I like fall break. I’m catching up on writing! If you missed the last kitchen post, you can find it HERE.
Now for the fun stuff – actually making it a kitchen! And adding the details that make the modern kitchen fit in a 1902 Victorian – it’s a hard balance, but I hope we did it well.
We kept with black cabinets, but unlike Jackson Street, I wasn’t the one painting them, which is good for the sheer size and number of cabinets, but sad because I do love painting cabinetry. The father of two of my students is a cabinet maker, and we were casually talking to him about the kitchen. We had already decided to go with a big box store, because we felt there was no way we could afford custom cabinets – but he convinced us to let him take a look. Some creativity and awesomeness later, and we had a partnership.
Just like my mom, our cabinetmaker Scott was really unsure of the cabinetry being black, but once he saw it done, he was a believer. Victorian Kitchens often had painted furniture, and we loved how dramatic it made the kitchen look at Jackson Street. To me, the black cabinetry works in the two spaces in different ways : the Butler’s Pantry is smaller, and the black cabinets make the space feel cozy and somewhat closed off – which I like. That’s just how a Butler’s Pantry should feel. In the Main Kitchen, there is so much light and space, that the color grounds the room and makes it feel like it is the perfect size.
There were lot of little details, from plotting out what would go in each cabinet (before finishing the design of the kitchen) and creating spaces that would make the kitchen work best for us. I LOVE this pull-out pantry. It’s only about 10″ wide, but it’s fantastic.
Once the cabinets were set, it became a kitchen! It was so crazy cool to see the walls go up, and to see it become a room, but now it had become a KITCHEN. I’m a big believer that cabinets should go up to the ceiling, otherwise they look weird (especially in a house with 11-foot ceilings). We did just that in the Butler’s Pantry, but in the main kitchen, we couldn’t. We used 48″ tall cabinets there, but with the vaulted and sloped ceiling, we couldn’t take them all the way up. The storage is unreal. If you are like me, when we lived at Jackson Street, our kitchen stuff was in about 4 places because it didn’t all fit. Rarely used items were in the attic, some things were in the wall of cabinetry in the bathroom off the kitchen…. but here, EVERY single kitchen item fits, except the giant soup roasters for our Holiday party. It is amazing having everything in one place. And here, the rarely used items go in the top cabinets. I mapped out where every item would go before a single cabinet was built. A bit obsessive, I’ll admit. But it was worth it.
It’s funny, the first 8 months of the project was sloooooower than molasses going uphill in winter. But the last month was a whirlwind. The counters were a mess – we had originally planned on a quartz, because I wanted something white, but I didn’t want marble. When looking for the quartz, the man at the stoneyard asked why I wasn’t considering granite. I told him I thought it looked too modern (which is HILARIOUS because Quartz is crazy modern looking), and I was used to granite being either dark, or brown if it was a light color. He convinced us to go to the big stoneyard supplier in Indianapolis, Global Granite, that they use. Of course, it’s one of those places that is only open on workdays from like 11-1:30 and you need a secret password to get in (ok, that’s a bit of an exaggeration), but I did have to take a morning off work to be able to get in when it was open. Talk about overwhelming – the awesome beauty of the slabs was incredible. We fell IN LOVE with a white/light gray/black slab. Alas, not ONLY had it been sold to someone, but the giant crane came and took it away from us to put it on a truck, WHILE we were looking at it. Total meanies. We thought we could order more – they said, “It’s ordered, and should be here from Brazil in 8 weeks.” We had 2 weeks before it had to go in, 3 before the bank deadline. I was CRUSHED. So, we picked out another one. I sulked for about 3 days, when they called us and said that our first choice just got here from Brazil. What? I was so confused. Whatever. I was getting my counters. Hooray for Brazil!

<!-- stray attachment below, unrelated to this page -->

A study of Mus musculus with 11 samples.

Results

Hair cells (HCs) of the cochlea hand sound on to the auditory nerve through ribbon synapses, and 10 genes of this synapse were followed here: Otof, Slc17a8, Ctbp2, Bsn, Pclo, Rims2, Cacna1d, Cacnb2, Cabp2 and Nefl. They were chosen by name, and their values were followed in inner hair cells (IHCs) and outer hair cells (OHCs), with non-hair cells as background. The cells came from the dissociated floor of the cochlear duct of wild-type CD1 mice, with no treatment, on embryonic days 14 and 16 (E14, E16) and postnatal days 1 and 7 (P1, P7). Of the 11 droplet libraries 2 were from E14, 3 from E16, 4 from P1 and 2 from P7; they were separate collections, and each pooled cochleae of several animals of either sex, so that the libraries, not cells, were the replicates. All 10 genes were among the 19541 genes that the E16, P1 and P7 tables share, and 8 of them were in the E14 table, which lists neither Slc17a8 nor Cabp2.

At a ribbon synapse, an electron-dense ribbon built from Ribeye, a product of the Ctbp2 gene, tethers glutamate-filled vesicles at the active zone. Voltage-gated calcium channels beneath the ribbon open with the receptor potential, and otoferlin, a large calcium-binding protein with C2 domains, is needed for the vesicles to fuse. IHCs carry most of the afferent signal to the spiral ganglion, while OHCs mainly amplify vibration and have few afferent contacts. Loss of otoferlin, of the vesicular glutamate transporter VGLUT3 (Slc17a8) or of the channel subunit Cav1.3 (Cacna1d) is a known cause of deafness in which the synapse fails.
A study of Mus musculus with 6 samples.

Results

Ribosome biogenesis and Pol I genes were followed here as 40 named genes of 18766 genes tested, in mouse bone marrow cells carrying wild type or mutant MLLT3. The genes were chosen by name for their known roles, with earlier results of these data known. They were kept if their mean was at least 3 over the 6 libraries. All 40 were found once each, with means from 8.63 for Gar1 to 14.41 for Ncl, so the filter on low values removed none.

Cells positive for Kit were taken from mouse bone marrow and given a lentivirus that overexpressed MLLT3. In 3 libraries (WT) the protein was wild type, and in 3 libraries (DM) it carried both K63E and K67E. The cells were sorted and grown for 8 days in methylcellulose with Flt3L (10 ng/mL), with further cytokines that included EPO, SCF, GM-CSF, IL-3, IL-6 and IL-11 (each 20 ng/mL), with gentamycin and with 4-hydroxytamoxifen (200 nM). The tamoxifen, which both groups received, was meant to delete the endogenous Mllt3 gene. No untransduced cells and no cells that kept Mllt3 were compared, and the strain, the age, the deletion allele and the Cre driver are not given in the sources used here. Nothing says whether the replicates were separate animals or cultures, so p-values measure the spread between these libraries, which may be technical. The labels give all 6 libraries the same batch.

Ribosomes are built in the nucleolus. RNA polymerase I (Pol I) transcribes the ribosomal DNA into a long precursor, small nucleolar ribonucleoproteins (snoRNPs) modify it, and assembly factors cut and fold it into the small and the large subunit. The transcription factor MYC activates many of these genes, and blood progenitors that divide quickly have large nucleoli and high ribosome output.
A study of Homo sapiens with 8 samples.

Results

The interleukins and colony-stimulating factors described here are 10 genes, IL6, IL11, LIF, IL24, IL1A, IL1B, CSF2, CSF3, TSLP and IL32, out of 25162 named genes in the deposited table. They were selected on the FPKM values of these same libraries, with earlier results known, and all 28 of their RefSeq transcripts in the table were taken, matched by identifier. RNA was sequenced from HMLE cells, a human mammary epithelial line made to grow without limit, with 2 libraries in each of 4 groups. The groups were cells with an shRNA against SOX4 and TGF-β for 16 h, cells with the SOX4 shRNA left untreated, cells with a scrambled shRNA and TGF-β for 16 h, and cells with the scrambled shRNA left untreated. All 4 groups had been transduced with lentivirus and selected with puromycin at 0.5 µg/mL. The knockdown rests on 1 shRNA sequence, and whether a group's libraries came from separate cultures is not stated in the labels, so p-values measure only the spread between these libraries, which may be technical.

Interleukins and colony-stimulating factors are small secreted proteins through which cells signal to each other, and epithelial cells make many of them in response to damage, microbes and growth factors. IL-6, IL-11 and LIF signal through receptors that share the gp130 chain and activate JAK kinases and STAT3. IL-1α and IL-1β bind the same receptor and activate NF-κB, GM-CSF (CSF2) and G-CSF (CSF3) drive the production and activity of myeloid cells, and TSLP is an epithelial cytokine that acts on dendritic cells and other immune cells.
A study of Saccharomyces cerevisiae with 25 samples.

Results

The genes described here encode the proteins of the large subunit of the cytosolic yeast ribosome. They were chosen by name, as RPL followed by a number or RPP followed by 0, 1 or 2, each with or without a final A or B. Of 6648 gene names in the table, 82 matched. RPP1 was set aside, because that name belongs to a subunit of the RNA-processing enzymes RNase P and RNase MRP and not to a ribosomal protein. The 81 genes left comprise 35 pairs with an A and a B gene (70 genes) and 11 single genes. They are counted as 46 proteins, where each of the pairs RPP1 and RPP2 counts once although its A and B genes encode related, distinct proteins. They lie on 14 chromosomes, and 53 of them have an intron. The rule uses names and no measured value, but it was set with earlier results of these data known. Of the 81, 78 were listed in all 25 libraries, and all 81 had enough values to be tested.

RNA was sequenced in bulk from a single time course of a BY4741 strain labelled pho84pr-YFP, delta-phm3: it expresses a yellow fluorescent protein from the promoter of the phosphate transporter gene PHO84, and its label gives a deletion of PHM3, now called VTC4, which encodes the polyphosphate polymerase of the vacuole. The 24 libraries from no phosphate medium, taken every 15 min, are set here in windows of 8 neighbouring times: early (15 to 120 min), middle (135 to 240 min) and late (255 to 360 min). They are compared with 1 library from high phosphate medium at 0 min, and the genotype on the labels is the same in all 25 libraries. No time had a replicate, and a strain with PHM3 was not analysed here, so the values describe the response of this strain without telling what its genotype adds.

In the midst of all this, I also worked on some lighting projects for the Butler’s Pantry and the Laundry Room (the Main Kitchen Chandeliers – all three of them – just needed re-wiring. You’ll see those in the next post). I had a lot of fun, since lighting is my fav. My $.02 : When restoring an old house, ALWAYS go vintage on the lighting. To me, it’s the number one thing that makes your house look authentic. Just make sure you re-wire if necessary!
The next project we actually did after the bank deadline was over (but I am including here, since it is a detail). We painted and installed some open shelving in the kitchen for dishes and display. I like having the dishes out, and it’s a nice break from wall cabinets on that side of the room.
Only one more kitchen entry left, for you to see the final product! We really do love it so much.
Nerd that I am, I’ve been going back and RE-READING your blog.
Question: how do you decide on the size of ceiling medallion for your lights?
I don’t think I put too much thought into it. I maybe try and go a bit wider than the fixture, but I also think about room scale. Our ceilings are so tall that we can’t go wrong with a large piece. Sometimes I pick one just because I love it, no matter the size. I’m partial to ones that aren’t circles! But those aren’t always easy to find.
And when you do find them they’re never cheap.
Thanks for the insight!! 🙂
I’ve found some non-traditional ones that aren’t too pricey at architecturaldepot.com – they have a fun selection!
Ooo! I wonder if they ship to Canada (and then consequently, what the shipping and duty taxes are). Time to browse through the site! ha ha! Thanks!